The EESC NAT Section and its Sustainable Development Observatory take part in the #IWD2021 action!
Equality between women and men – too little progress!
Equality between women and men is a fundamental value and objective of the European Union, enshrined in the European treaties and the Charter of Fundamental Rights and most recently reaffirmed in the European Pillar of Social Rights.
While there are numerous positive initiatives within Europe to tackle various aspects of gender inequalities, the drivers for true equality, especially within the Member States and regions, are complex and multi-faceted. Despite the general progress that has been made, the EESC regrets that, at the current rate, it will take over 100 years to achieve gender equality in the EU.
The EESC has called for an overarching strategy for sustainability in implementing the 2030 Sustainable Development Agenda. In this context, the Committee believes that the EU and its Member States must make every effort to achieve SDG 5 on gender equality by 2030.
Gender equality, the labour market and COVID-19
As we already reported last June for the World Population Day, according to the Eurostat Sustainable Development Goals monitoring report, for SDG 5 (gender equality), the overall development was negative. In fact, it is the only SDG for which the EU moved away from the goal over the last five years.
In the labour market, European women continue to face persistent gender inequalities, segregation and a gender pay gap, which leads to women being at greater risk of poverty. Women are over-represented in part-time employment and their choice of part-time work is often influenced by caring responsibilities. The share of involuntary part-time work has decreased only slightly (0.1%) in recent years.
The COVID-19 pandemic had a disproportionate effect on women. During the COVID-19 recession in the United States, women’s unemployment rate rose by 12.8 percentage points between February and April 2020, 2.9 percentage points larger than men’s increase of 9.9 percentage points. Moreover, the increase in childcare needs due to lockdowns affected women more than men. In Europe, Eurostat data show that, between April and September 2020, more women than men lost their jobs. The pandemic also pushed more women than men into inactivity (meaning, effectively, that they dropped out of the labour market). Overall, women have struggled more than men to balance their professional and personal lives during the pandemic.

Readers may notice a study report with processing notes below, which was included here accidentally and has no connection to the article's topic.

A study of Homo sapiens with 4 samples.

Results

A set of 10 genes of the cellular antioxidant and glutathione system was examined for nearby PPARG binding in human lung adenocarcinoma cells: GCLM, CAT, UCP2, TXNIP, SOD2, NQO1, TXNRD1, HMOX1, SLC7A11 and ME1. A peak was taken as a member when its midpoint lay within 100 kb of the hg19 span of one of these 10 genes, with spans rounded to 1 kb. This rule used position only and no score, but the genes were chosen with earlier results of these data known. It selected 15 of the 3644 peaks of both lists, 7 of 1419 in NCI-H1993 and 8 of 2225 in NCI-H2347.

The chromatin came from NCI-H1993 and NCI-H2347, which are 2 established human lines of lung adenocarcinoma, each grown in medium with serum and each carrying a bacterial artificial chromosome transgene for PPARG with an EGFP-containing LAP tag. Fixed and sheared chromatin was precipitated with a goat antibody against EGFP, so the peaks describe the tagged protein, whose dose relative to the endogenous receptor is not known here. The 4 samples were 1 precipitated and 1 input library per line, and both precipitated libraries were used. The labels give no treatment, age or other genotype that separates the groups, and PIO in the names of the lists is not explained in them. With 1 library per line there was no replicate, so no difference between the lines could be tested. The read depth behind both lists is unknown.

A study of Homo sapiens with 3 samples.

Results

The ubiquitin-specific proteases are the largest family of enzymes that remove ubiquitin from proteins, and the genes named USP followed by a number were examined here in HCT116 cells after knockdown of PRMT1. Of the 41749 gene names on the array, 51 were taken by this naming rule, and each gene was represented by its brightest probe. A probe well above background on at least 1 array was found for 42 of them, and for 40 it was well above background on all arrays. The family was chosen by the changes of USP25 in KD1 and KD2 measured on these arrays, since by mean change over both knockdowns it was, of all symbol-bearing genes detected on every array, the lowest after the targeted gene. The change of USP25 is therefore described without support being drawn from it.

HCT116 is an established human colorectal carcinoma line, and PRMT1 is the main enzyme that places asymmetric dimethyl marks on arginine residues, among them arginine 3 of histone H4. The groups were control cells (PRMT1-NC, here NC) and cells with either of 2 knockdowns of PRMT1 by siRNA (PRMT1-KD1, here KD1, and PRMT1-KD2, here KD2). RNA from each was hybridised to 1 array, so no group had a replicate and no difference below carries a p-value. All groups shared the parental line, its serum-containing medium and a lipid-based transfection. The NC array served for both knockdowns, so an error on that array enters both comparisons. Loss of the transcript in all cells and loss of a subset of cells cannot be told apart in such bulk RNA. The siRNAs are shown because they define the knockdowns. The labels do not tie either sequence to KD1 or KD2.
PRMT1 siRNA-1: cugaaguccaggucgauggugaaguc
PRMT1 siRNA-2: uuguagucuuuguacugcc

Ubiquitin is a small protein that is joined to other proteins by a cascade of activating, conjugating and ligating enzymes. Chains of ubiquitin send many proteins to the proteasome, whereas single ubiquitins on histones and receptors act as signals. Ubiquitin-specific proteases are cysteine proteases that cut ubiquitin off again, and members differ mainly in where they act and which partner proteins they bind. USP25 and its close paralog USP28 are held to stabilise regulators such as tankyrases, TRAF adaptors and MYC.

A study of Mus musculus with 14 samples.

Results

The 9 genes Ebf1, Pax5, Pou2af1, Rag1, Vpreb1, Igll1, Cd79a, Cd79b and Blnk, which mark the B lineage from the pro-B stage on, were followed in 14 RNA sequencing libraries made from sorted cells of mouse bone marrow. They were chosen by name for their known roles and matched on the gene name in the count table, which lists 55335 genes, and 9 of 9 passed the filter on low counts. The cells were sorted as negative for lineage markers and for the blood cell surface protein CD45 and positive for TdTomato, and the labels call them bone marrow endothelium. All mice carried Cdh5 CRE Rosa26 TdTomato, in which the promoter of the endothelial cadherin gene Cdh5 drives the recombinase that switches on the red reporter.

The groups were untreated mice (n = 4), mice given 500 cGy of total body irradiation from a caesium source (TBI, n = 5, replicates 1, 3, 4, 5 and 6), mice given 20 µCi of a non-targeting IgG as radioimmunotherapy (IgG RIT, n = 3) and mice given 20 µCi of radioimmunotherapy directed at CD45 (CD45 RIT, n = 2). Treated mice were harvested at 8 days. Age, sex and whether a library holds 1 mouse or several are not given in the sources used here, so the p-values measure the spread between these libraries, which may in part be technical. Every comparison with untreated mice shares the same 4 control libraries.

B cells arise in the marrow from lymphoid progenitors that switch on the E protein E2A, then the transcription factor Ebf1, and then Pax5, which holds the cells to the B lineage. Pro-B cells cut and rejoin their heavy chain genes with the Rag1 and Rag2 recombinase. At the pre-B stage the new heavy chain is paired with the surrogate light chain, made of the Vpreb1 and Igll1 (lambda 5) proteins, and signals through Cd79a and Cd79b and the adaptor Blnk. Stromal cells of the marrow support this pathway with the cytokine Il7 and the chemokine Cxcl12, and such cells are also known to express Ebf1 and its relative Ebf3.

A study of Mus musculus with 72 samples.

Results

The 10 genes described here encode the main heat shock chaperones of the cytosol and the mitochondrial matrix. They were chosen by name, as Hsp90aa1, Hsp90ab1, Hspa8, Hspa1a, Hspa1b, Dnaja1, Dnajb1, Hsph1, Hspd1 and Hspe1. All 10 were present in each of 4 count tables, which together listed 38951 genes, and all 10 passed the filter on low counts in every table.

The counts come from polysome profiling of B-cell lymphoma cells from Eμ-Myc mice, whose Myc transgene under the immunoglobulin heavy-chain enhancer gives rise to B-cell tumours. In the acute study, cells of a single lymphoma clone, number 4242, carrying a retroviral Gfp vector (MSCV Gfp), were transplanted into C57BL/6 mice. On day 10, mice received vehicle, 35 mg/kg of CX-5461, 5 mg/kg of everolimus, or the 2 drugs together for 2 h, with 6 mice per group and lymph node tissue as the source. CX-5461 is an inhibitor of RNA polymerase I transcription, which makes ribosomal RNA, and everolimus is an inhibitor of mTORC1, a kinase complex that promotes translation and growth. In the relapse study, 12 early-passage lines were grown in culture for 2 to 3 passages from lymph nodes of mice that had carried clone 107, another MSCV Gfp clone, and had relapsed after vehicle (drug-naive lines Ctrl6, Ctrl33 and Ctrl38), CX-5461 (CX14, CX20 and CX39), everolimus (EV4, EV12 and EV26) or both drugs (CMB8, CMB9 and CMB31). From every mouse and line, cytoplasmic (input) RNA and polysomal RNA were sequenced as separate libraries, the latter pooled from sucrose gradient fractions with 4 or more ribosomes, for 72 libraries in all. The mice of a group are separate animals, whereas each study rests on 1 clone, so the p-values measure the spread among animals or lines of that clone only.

According to the UN SDSN Sustainable Development Report 2020, short-term impacts of Covid-19 on SDG 5 can be negative due to possible disproportionate economic impacts on women (e.g., job losses, poverty) and other social impacts on women from the lockdown (e. g., domestic violence).
Last but not least, the current backlash against women's sexual and reproductive health and rights in Europe has serious implications for women's human rights and a general threat to the universality of human rights.
Gender equality and the climate and environmental crisis
Gender inequality has been linked to environmental degradation. The United Nations Development Programme’s 2011 Human Development Report found that when gender inequality is high, environmental factors such as forest depletion and air pollution are as well. Climate change disproportionately affects women, particularly poor women in developing countries. The IPCC found that gender inequalities are further exaggerated by climate-related hazards, and they result in higher workloads for women, occupational hazards indoors and outdoors, psychological and emotional stress, and higher mortality compared to men. Climate change has also been linked to gender-based violence, as increases in natural disasters limit access to resources, and violence against women is used to enforce gender imbalances for control of resources in these situations.
However, women can also be a key to solving climate problems. Empowering women represents a major opportunity in striving to reach the objectives of the Paris Agreement. For instance, empowerment of women farmers, increased global access to family planning, and the right to an education — were the necessary changes proposed by Project Drawdown that could improve gender equality with huge benefits for the climate.